Hold Up Art presents Fist Pump, a collection of new work from Los Angeles-based activist and street artist Homo Riot, whose highly charged, and sometimes sexually explicit imagery, became part of the city’s social landscape in response to the 2008 passing of Proposition 8 (a measure on the state ballot that overturned the California Supreme Court’s ruling that same-sex couples have a constitutional right to marry). Homo Riot’s message started out as a “fuck you” to the supporters of Prop 8, but has morphed into something larger and more profound. Seen now as an emblem of pride and strength to the gay community, Homo Riot’s work has become a line of communication to young gays who feel that they’ve been shunned by mainstream society and a call to action for silenced and closeted gays.
“The work in this show explores the dichotomy between the often hidden and dark realms of gay life and the simultaneous desire for visible exuberance,” says Homo Riot of Fist Pump. “In these pieces, the fusion of these disparate concepts leads to awkward explosions of ‘pride’ and naïve outbursts of youthful anger and rage.”
The exhibition at Hold Up Art follows the month-long Global Homo Riot, a subversive campaign throughout September with the goal to increase visibility of homosexual imagery, to spur conversation and awareness about issues facing homosexuals around the world, and to engender pride and hope in young gays. Artists from around the world have requested Global Homo Riot “kits,” which contain posters, stickers and stencils with instructions on how and where to apply the artwork to make a statement in their own communities.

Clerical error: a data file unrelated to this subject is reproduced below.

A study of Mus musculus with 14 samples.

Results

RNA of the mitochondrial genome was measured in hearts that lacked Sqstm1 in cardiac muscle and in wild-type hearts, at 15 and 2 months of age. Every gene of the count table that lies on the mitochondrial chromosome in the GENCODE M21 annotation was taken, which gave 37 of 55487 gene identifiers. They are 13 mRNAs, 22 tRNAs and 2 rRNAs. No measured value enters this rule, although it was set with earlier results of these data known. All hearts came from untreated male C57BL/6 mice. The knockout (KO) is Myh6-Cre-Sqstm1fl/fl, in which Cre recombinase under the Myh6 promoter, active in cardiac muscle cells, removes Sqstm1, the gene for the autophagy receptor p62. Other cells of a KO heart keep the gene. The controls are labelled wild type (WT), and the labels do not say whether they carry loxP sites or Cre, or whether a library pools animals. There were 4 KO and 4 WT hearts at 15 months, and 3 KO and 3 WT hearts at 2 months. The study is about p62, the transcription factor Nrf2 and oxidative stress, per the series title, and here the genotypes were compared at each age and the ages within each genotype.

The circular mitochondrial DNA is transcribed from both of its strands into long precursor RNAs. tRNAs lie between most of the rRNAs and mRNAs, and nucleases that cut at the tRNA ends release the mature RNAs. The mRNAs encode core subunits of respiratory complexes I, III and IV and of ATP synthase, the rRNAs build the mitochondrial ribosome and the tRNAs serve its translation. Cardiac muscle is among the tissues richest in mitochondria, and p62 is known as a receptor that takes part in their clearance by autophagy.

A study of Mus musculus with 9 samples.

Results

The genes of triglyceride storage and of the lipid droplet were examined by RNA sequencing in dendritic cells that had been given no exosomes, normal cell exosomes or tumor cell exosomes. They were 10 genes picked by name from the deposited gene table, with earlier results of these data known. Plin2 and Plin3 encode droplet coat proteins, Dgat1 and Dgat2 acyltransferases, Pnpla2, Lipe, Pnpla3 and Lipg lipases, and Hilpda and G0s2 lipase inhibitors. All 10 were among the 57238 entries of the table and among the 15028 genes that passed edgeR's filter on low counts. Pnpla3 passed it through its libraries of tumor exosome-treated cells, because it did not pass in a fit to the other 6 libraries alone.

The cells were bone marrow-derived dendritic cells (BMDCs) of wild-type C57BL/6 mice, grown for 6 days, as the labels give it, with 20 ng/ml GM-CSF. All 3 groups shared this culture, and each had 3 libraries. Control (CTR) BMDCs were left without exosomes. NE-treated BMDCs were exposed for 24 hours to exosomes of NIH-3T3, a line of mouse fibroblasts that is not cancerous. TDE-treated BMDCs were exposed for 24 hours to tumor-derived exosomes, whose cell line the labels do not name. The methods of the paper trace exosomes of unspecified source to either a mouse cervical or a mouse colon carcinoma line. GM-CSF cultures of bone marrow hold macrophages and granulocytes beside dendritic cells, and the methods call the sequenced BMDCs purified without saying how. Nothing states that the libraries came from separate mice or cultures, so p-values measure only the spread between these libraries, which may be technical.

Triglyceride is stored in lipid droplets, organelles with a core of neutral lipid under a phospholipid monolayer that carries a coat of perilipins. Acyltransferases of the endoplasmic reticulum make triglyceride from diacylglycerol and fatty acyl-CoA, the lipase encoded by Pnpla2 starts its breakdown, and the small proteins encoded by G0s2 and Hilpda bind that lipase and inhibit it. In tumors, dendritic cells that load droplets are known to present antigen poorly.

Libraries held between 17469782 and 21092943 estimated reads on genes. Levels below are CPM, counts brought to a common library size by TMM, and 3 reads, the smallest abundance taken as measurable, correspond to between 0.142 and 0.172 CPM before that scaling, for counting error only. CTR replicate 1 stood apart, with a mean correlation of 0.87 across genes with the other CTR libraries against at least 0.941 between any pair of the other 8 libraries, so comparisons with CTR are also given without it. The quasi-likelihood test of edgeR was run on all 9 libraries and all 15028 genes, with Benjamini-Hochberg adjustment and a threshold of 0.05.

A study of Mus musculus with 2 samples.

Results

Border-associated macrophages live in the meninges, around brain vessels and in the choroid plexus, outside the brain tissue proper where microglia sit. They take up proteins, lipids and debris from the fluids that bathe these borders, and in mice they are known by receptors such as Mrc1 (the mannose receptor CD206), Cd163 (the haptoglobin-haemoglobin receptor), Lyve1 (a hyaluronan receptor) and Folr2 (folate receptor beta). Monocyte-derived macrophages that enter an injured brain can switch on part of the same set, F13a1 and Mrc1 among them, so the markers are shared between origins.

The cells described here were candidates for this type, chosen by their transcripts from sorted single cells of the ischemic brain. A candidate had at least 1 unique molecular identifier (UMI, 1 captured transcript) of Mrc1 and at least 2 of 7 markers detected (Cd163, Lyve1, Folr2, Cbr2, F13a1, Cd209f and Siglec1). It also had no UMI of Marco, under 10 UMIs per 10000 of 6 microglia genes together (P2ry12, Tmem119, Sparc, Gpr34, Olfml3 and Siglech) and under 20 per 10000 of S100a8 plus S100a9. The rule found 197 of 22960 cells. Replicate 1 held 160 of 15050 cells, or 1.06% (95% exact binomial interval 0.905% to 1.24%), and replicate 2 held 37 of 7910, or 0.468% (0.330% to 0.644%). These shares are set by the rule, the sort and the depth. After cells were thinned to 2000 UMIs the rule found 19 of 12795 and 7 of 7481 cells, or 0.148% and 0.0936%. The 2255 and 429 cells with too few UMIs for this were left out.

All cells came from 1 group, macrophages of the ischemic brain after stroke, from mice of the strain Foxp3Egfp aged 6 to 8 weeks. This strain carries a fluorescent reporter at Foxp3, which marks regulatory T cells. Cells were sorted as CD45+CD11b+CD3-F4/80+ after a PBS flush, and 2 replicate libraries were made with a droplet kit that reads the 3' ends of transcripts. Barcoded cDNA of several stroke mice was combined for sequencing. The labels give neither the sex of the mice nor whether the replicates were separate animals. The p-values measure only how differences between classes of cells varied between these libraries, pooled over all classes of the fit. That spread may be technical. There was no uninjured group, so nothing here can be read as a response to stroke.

Participants who registered for the Global Homo Riot campaign include artists from major metropolitan areas like New York, Los Angeles, Dallas and Miami, as well as from smaller communities like New Haven, CT; Richmond, VA; Jacksonville, FL; San Jose, CA; Carmel, IN; and Rossford, OH. International participants have registered from Paris, London, Athens, Berlin, Sydney and Barcelona.
“Homo Riot elevates the street art game by combining his activism with his art,” says Hold Up Art curator Brian Lee. “There are thousands of people in LA alone that are pasting up posters, yet only a handful contain a message and meaning that is both self promoting while at the same time being socially and politically aware and engaging. Homo Riot’s work cannot be mistaken for another artist, and every one of his images confronts the viewer in a modern day western stand-off; a direct social and aesthetic conflict, and an open call to anyone who challenges.”
Homo Riot’s bold imagery and social message have established him as one of the most provocative and inspiring street artists in the United States.